U.S. Withdraws from International Criminal Court Treaty
By Jim Garamone
American Forces Press Service
WASHINGTON, May 7, 2002 Bush administration officials notified U.N. Secretary-General Kofi Annan May 6 that the United States is withdrawing from the International Criminal Court Treaty.
The ICC treaty, which goes into force on July 1, puts U.S. service members and officials at risk of prosecution by a court that is "unaccountable to the American people, and "has no obligation to respect the constitutional rights of our citizens," according to Defense Secretary Donald H. Rumsfeld.
In a written statement, Rumsfeld said the United States rejects the jurisdictional claims of the ICC. "The United States will regard as illegitimate any attempt by the court or state parties to the treaty to assert the ICC's jurisdiction over American citizens," he said.
The United States has a number of serious objections to the treaty, Rumsfeld said. There is a lack of adequate checks and balances on the powers of ICC prosecutors and judges. The treaty dilutes the U.N. Security Council's authority over international criminal prosecutions.
As written, U.S. service members and officials could be charged with war crimes as a political move by other nations. Putting U.S. service members at risk of politicized prosecution, Rumsfeld said, would discourage U.S. military engagement in the world and be a "recipe for isolationism."
"We have an obligation to protect our men and women in uniform from this court and to preserve America's ability to remain engaged in the world," he said. "And we intend to do so."
The treaty would have caused problems at any time, Rumsfeld said, but they are "particularly troubling in the midst of a difficult, dangerous war on terrorism. There is a risk that the ICC could attempt to assert jurisdiction over U.S. service members, as well as civilians, involved in counterterrorist and other military operations -- something we cannot allow."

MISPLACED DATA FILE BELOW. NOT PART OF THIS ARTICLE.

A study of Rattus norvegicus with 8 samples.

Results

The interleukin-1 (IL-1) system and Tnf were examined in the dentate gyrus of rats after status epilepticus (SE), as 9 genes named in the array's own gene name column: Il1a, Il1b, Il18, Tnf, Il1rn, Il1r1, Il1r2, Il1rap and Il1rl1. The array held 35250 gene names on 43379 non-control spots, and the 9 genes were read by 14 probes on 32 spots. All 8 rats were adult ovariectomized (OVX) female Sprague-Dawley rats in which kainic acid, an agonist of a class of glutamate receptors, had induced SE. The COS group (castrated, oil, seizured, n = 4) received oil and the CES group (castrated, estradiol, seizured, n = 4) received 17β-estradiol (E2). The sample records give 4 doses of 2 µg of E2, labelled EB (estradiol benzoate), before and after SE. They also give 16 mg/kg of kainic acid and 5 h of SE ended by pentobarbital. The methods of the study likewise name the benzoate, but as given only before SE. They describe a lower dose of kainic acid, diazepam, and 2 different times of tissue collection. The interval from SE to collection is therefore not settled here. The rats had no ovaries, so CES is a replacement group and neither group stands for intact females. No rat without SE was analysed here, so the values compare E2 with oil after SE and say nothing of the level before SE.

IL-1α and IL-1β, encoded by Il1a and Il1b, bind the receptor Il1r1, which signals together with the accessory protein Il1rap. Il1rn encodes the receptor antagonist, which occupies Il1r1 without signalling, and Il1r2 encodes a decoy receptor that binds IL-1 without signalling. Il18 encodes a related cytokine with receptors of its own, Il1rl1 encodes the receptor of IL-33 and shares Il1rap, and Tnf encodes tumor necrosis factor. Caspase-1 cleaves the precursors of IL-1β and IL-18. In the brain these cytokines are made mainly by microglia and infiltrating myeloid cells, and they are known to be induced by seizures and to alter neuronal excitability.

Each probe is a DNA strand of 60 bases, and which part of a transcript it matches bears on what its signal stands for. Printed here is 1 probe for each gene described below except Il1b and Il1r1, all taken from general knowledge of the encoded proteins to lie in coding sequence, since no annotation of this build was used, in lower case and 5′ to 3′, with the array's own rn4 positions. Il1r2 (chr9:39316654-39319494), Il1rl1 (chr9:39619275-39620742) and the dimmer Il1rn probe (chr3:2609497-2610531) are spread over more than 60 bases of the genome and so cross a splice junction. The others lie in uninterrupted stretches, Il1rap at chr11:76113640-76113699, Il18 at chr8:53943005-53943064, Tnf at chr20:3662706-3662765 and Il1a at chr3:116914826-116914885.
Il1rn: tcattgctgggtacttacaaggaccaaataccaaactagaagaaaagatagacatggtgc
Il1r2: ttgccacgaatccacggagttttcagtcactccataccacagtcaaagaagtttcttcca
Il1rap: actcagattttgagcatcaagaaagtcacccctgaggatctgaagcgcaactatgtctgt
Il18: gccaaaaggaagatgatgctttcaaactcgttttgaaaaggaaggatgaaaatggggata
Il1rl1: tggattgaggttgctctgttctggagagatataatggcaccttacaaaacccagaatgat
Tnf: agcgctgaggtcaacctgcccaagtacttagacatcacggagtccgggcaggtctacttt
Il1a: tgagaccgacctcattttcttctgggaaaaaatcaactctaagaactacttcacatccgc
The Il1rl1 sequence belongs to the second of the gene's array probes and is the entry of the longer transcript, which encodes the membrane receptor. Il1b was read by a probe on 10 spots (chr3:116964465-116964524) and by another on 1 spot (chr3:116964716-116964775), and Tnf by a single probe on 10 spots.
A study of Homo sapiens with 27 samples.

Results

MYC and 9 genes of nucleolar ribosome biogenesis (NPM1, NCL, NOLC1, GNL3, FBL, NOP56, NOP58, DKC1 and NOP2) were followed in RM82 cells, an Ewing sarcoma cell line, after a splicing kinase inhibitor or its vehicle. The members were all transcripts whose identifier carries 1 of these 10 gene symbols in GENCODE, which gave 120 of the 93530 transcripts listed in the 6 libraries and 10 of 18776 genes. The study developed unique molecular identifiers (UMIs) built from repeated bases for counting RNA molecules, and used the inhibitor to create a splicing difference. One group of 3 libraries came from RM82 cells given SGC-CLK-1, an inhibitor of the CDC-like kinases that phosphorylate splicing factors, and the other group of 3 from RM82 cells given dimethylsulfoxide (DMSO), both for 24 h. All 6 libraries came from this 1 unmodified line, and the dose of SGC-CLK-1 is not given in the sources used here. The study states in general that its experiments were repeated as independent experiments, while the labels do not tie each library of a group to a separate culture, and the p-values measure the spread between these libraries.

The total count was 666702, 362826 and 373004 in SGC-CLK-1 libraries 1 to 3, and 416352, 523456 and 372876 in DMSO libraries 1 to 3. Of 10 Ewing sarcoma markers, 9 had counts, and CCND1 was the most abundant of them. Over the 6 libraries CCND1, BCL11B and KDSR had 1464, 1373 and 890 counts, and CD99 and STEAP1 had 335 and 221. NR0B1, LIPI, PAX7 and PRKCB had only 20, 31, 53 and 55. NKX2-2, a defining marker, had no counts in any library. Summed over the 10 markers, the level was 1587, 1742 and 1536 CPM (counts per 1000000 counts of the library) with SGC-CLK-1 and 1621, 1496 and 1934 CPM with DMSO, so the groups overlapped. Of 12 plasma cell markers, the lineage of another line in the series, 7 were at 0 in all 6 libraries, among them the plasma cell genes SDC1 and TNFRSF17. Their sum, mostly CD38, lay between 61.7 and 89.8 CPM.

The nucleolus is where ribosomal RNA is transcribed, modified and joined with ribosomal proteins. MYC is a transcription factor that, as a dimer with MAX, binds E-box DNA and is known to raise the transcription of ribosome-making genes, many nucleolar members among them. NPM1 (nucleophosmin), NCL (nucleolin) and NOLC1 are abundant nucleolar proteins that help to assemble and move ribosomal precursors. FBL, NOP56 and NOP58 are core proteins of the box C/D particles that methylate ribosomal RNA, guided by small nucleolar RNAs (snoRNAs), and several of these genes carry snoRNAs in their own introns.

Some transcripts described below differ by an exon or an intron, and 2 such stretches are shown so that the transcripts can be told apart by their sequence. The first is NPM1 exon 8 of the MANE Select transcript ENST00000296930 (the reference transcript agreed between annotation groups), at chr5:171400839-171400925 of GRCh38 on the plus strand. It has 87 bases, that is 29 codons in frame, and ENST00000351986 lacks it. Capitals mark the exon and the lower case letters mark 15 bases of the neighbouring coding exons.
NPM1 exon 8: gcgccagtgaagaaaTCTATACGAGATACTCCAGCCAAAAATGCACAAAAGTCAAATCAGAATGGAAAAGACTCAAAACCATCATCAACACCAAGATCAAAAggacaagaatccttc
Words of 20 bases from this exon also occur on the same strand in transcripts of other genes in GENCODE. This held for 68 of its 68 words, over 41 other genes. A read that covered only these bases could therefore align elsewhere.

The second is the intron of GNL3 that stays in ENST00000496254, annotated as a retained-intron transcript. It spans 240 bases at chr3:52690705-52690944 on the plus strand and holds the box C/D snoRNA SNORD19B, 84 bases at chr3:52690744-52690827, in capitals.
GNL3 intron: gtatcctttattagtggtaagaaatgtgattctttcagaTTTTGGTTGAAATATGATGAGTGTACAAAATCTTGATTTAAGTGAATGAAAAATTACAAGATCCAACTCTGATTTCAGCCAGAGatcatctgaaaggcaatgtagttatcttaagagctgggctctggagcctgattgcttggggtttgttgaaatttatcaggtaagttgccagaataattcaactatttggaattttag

Rumsfeld said the United States respects other nations' decisions to join the ICC. They in turn need to respect the U.S. decision to stay out of the ICC.
"Unfortunately, the ICC will not respect the U.S. decision to stay out of the treaty," Rumsfeld wrote. "To the contrary, the ICC provisions claim the authority to detain and try American citizens -- U.S. soldiers, sailors, airmen and Marines, as well as current and future officials -- even though the United States has not given its consent to be bound by the treaty."
Secretary of State Colin Powell said May 5 on ABC's This Week that the United States "found that this is not a situation that we believe was appropriate for our men and women in the armed forces or our diplomats and political leaders."
Powell said the United States has been in the forefront of bringing war criminals to justice. "We have supported a tribunal for Yugoslavia, the tribunal for Rwanda, we're trying to get the tribunal for Sierra Leone set up," Powell said.
Nor is it a matter of allowing Americans to not pay for any crimes they commit. "We have the highest standards of accountability of any nation on the face of the Earth," he said.